A city where pets are formally recognized as "companions" and their owners as "guardians," West Hollywood has long been known for its animal-friendly laws.
In its latest effort, the City Council on Monday will consider an ordinance that would ban commercial displays and performances involving wild and exotic animals.
The proposed ordinance, initiated by council members Jeffrey Prang and John Duran, is "intended to protect wild and exotic animals from cruel and inhumane treatment," according to city documents.
Circus acts, carnival performances, trade shows and parades involving such animals would be included under the ban, as would any event requiring wild animals to do tricks, fight or perform "for the entertainment, amusement or benefit of an audience," the proposed ordinance states.
The ban would not include the display of wild or exotic animals for educational purposes or to groups of 20 or fewer people. A small audience, the documents state, would limit "the potential risk or danger to the public."
The ban also would not apply to film productions with permits because the American Humane Assn. monitors animal welfare in productions, the proposed ordinance says.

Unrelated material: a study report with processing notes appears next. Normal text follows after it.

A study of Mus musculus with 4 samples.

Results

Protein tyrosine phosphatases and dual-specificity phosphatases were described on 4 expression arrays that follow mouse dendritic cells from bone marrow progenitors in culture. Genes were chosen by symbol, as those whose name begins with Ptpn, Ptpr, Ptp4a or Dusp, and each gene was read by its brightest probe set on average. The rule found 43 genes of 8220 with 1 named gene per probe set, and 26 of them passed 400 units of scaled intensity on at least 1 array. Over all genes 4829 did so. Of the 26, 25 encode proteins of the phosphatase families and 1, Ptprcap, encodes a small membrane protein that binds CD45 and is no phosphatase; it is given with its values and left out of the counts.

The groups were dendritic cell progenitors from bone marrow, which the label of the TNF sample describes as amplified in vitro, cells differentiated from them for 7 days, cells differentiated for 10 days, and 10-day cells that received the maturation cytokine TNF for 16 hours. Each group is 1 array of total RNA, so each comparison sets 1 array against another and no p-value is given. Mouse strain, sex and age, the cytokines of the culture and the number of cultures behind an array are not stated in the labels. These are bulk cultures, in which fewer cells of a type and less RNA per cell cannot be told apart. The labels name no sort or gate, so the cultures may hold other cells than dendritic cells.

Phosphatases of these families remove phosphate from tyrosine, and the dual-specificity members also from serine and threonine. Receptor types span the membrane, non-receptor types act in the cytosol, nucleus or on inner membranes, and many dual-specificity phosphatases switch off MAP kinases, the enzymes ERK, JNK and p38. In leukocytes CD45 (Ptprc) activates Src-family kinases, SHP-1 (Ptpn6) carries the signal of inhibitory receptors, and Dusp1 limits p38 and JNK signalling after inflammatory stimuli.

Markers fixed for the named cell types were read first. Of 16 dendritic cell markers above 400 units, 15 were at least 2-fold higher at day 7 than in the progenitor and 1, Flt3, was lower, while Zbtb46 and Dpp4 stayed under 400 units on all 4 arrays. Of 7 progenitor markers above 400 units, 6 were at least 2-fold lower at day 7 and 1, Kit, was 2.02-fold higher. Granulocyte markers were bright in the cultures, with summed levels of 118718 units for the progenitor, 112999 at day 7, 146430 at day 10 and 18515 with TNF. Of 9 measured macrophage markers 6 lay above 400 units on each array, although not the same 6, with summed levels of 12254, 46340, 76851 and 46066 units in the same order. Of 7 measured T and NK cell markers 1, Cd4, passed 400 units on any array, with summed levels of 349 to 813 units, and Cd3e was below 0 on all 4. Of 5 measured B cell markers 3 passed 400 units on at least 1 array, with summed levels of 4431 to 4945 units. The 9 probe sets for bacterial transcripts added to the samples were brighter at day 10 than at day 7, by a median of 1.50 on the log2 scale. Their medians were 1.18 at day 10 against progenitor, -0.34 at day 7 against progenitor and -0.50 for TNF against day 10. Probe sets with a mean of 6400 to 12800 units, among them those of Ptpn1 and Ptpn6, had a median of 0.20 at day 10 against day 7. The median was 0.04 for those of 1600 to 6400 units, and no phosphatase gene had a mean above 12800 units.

In a lengthy letter to Prang, Jan Creamer, president of Animal Defenders International, applauded the ordinance and thanked the city for considering it.
"We fully support creative entertainment using human performers, but this should not include the use of animals," Creamer wrote.
The measure contains a list of more than two dozen animals that would be considered wild or exotic.
Bears and badgers are included. So are kangaroos, giraffes and tapirs.
Armadillos and civets too.
The ordinance would not be the first the city has considered in regard to animal rights.
In 2011, the City Council approved a ban on the sale of apparel made of fur, making West Hollywood one of the first municipalities in the country to adopt such a law. The fur ban is set to take effect this month.
In 1989, the council passed a resolution declaring West Hollywood to be a "cruelty-free zone for animals" and banned cosmetic testing on animals and the use of steel leg-hold traps.
It became the first city in the nation to ban cat declawing in 2003, and it banned the retail sale of cats and dogs in 2010.